The Department of Justice will not prosecute Vice Adm. Ted Branch as part of the sprawling “Fat Leonard” corruption case and has subsequently cleared the name of the former chief of naval intelligence after three years of public suspicion, USNI News has learned.
Likewise, the Navy has closed its own internal investigation into possible service ethic violations that did not rise to the level of criminal behavior, U.S. Fleet Forces Command told USNI News on Friday.
“The Department of Justice declined to prosecute Vice Adm. Ted Branch and forwarded his matter to the Department of the Navy’s Consolidated Disposition Authority,” read the statement spokesman Cmdr. Mike Kafka.
“After completing a thorough and detailed review of the evidence, the CDA took appropriate administrative action. This matter is closed.”
When the DoJ declines to prosecute an individual in the GDMA, they pass the case to the Navy’s CDA, “to ensure that individuals are held appropriately accountable when less than criminal allegations are substantiated,” read a 2015 statement when the service issued censured to three admirals related to the case. In Branch’s matter, U.S. Fleet Forces commander Adm. Phil Davidson was acting as the CDA.
Kafka would not specify the administrative action taken. Branch retired from the service last year at the rank of Vice Admiral at the request of then-Secretary of Defense Ash Carter in a letter to the Senate seen by USNI News at the time.
Since 2013, Branch has publically been under suspicion for committing crimes related to the Department of Justice criminal investigation into corruption in the U.S. Navy surrounding Leonard Francis, the operator of the Glen Defense Marine Asia husbanding business that supplied U.S. ships in the Western Pacific.
The career pilot had only been in charge of the Office of Naval Intelligence as the deputy CNO for Information Warfare (N2/N6) mere weeks before the DoJ had approached Navy leadership and presented suspicions Branch had committed crimes related to GDMA, former Secretary of the Navy Ray Mabus told USNI News on Friday.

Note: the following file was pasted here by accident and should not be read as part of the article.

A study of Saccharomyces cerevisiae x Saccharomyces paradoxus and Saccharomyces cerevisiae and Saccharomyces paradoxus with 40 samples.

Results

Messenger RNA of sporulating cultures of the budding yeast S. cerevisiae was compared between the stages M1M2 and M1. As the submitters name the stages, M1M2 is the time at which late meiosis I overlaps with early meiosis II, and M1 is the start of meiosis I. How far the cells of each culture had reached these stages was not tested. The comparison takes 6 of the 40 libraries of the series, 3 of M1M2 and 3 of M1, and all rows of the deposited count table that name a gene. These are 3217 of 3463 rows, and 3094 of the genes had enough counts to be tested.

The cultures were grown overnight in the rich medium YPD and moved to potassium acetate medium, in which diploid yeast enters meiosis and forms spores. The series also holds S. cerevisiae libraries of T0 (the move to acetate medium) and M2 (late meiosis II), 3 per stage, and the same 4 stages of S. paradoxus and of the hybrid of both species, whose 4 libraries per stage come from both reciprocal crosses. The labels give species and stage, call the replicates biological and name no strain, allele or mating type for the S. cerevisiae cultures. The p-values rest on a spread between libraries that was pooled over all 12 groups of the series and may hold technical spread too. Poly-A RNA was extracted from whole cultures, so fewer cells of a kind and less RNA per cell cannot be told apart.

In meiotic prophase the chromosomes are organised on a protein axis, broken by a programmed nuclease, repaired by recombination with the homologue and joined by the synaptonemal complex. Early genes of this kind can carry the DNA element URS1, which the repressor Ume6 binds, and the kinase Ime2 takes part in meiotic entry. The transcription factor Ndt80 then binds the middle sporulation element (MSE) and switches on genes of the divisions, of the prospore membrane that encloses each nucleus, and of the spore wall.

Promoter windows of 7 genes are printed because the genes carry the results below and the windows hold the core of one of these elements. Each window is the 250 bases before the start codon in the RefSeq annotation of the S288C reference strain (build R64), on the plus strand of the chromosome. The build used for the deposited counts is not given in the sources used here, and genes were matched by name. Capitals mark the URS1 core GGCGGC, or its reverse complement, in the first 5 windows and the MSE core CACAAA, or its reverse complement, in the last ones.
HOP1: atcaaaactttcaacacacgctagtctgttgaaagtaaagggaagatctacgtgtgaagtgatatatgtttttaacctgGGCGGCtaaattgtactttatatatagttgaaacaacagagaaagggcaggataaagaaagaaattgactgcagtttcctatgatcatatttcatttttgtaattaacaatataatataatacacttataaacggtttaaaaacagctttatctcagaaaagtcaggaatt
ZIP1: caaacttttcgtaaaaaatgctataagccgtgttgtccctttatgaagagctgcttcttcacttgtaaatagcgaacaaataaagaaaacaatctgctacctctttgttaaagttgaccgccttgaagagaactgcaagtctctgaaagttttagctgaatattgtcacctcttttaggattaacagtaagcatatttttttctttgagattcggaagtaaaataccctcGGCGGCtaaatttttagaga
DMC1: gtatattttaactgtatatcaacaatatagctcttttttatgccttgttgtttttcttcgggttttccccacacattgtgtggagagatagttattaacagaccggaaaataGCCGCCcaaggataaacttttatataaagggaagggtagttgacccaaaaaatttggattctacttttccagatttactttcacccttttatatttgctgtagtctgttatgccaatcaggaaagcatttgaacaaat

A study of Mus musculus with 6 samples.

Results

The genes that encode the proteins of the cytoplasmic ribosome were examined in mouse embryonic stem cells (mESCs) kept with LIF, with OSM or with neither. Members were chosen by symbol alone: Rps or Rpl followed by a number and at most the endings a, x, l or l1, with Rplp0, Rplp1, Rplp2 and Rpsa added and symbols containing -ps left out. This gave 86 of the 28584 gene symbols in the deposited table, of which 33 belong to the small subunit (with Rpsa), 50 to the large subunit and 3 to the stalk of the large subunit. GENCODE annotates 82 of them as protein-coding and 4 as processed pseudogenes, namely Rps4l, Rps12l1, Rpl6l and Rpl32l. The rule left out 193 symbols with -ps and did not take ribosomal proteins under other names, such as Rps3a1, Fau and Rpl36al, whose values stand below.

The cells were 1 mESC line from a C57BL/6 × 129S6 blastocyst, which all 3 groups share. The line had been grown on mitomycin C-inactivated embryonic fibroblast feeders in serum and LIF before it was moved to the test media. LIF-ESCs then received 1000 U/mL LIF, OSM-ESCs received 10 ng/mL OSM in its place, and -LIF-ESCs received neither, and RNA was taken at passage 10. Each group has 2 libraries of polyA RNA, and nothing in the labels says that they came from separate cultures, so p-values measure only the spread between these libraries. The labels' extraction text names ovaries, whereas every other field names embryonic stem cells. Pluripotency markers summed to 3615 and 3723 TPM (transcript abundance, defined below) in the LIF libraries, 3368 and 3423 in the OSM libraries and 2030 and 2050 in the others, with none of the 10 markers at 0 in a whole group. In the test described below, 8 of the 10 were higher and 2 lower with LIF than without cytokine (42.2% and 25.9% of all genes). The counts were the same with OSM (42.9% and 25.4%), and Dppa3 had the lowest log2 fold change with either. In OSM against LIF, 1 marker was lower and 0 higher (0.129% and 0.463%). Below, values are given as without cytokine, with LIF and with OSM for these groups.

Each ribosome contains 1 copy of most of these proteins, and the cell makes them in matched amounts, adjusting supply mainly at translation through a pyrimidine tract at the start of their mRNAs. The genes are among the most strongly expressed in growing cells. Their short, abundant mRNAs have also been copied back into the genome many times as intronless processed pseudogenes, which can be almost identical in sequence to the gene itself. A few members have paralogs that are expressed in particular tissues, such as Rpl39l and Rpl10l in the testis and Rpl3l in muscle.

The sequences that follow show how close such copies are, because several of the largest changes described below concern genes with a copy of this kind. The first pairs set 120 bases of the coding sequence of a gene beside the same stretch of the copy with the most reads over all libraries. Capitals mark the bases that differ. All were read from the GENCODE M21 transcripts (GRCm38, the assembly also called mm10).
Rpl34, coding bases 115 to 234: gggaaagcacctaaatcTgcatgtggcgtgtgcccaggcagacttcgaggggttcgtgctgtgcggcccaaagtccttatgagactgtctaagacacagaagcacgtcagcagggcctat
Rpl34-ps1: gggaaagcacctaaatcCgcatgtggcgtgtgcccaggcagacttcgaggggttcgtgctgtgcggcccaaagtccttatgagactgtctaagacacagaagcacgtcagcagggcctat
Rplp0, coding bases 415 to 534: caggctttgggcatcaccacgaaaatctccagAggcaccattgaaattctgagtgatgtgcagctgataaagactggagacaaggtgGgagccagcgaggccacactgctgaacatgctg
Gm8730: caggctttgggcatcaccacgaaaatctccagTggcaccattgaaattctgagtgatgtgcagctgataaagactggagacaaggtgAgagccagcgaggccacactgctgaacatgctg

“When this first started, we at Navy were assured by the Department of Justice that the evidence was very strong against Adm. Branch and a decision would be reached in a very short time – a few weeks,” Mabus said.
Based on that assessment, Mabus decided to restrict Branch’s access to classified information in late 2013 and the service issued an announcement to that end to the press.
Instead of a few weeks, DoJ kept the option to prosecute open for years with Branch in limbo. Following a January 2016 front-page story in The Washington Post, Branch became the most visible member of the service tied to the Fat Leonard case and drew criticism from the public and Congress.
In a hearing last year, Mabus defended Branch in response to criticism from Sen. Joni Ernst (R-Iowa).
“I’ve been checking with Gen. (James) Clapper, the head of national intelligence, to ask him if there was any degradation of naval intelligence, any concern about how we’re operating or the quality of information that we are gathering or how we are processing that. And I have been assured that there’s not,” Mabus said.
“We continued to check on [Branch’s status] over and over and over again and got nothing.”
On Friday, Mabus was critical of DoJ in the matter.
“I have to say the way that Justice handled this was not fair to Admiral Branch and it was not fair to the Navy,” Mabus said.
Branch was finally replaced by former U.S. 10th Fleet head Vice Adm. Jan Tighe and was allowed to retire in grade.
For his part, Branch said he and his family are glad his ordeal is over.
“We are very proud of my 37 years of service in the Navy,” Branch said in a statement provided to USNI News.
“The last three years were extremely difficult for my family and me, but we are glad now to turn the page. I look forward to being able to continue to serve the Navy and our Nation as a civilian.”